Saturday, September 17, 2011

How To Lose Colleagues And Alienate Employers

(Background: AOL buys popular tech site TechCrunch for $25 million. Site's founder and mascot Michael Arrington violates ethics rules by starting a venture capital fund to invest in companies the site would cover. Corporate communications snafu ensues. Ends with Arrington fired and staff outraged at his superior, Huffington Post founder Arianna Huffington, for floundering on policy enforcement. Some quit.)

Exhibit A: In a public letter of resignation, columnist Paul Carr throws Arrington's replacement and right-hand man, Erick Schonfeld, under the bus.

What I knew last week, but can only write now, is that while Heather, Mike and other senior editorial staffers were making a stand for the site’s editorial independence from The Huffington Post, Erick cut a side deal with Huffington to guarantee him the top job once Mike was gone. [...]

One of these two men is your new ethical champion, Arianna. The other one is the guy you fired.

Exhibit B: Newly-installed editor-in-chief Erick Schonfeld posts a bitter public retort to Carr's post.

Paul Carr, one of our columnists who was hired for his grandstanding ways, has decided to fall on his own sword and quit very publicly on TechCrunch. I believe this is the second or third time he’s quit in public in the past couple weeks. I keep losing count. He thinks he is somehow being loyal to Mike and standing up for the editorial independence of the site. But he is not. He is just grandstanding.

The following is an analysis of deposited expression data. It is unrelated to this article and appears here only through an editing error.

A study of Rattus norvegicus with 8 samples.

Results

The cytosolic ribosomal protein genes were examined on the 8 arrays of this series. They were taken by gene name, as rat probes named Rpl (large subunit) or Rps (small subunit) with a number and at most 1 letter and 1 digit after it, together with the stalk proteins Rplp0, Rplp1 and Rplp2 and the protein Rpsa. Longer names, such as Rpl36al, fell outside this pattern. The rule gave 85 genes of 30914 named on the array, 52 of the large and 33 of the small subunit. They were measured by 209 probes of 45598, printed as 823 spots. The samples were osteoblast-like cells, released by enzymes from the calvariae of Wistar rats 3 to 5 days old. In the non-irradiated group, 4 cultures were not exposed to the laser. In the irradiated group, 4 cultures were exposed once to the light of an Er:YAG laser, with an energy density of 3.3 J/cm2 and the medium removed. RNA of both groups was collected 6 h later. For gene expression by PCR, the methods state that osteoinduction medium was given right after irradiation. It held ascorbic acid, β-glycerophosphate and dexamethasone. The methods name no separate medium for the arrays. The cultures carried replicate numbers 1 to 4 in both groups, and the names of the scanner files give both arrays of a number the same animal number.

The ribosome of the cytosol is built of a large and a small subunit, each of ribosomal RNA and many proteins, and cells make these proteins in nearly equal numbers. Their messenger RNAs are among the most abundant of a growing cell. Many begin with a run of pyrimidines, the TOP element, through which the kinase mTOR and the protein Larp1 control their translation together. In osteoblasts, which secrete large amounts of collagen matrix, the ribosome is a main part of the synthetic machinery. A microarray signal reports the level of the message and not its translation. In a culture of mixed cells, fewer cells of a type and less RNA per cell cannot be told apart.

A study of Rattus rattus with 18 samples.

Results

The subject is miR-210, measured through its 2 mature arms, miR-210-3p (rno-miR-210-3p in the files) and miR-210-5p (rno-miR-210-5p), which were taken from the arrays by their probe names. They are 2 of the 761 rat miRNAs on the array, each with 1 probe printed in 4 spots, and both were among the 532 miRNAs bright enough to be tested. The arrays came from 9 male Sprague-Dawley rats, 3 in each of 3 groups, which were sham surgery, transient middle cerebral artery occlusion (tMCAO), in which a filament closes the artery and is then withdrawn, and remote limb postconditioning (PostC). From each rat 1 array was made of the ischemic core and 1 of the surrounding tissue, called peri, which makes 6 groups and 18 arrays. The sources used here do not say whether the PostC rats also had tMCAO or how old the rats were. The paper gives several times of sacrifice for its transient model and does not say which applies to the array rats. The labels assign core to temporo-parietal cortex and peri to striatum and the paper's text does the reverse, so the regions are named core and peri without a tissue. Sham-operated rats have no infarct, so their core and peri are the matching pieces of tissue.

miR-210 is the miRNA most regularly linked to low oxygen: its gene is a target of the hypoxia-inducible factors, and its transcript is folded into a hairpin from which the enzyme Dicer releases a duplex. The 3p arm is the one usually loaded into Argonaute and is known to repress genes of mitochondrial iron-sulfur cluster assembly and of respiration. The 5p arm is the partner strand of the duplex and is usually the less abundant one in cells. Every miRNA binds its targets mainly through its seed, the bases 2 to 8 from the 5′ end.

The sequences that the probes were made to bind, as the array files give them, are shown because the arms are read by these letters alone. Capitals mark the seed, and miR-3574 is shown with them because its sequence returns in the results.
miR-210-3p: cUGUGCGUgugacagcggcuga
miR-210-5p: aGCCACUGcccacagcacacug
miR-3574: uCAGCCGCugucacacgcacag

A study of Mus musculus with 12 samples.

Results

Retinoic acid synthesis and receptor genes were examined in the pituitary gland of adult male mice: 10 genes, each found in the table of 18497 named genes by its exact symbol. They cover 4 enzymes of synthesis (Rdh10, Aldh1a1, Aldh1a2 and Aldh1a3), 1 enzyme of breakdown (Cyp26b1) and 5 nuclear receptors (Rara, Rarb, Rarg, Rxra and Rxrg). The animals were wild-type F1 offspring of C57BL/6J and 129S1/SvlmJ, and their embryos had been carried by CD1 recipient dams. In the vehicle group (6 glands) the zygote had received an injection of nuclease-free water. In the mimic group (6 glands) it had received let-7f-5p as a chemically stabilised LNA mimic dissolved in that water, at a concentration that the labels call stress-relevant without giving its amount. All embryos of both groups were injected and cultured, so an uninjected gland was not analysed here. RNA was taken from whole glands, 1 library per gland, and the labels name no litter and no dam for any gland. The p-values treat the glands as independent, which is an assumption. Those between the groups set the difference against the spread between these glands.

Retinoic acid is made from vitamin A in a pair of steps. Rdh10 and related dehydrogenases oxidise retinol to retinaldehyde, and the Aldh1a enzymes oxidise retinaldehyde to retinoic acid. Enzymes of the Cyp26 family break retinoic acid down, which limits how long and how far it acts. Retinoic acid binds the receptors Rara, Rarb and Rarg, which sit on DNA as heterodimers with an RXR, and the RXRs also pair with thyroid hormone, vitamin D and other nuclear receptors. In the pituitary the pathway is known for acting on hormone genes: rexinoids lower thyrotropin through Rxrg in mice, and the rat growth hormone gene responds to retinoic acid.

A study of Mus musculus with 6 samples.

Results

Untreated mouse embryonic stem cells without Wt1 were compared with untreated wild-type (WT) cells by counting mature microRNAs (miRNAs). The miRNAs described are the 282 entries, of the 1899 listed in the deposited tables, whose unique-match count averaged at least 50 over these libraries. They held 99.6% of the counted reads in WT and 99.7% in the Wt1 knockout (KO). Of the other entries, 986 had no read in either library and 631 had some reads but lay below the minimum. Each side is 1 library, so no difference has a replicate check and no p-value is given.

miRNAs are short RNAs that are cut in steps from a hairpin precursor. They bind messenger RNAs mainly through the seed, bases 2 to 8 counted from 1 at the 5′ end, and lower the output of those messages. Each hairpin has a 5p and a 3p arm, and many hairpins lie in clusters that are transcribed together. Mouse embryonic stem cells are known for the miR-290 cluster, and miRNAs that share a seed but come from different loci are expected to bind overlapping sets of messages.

Exhibit C: Staff writer MG Siegler (publicly) laments the public dispute, takes a shot at his current employer and takes another at a potential one.

I’m just sincerely worried about the state of AOL that they seem to have a total disregard for the actual situation. TechCrunch is a key property and one of the few bright spots in their portfolio. But to them, it’s apparently just numbers.That’s a losing stance. TechCrunch may survive with that stance, but it will not thrive as it has. That’s the CNET stance. Complacency is poison.

(In full disclosure, CNET is owned by the same company I work for.)

Three posts, three journalists, and given enough time, zero with jobs. Not a terribly good way to demonstrate professionalism to industry observers in the face of uncertainty.

1 comment:

Anonymous said...

Do you think these people understand how petty, bitchy and high-school-ish their behavior is? They all reflect poorly on themselves *and* the organization.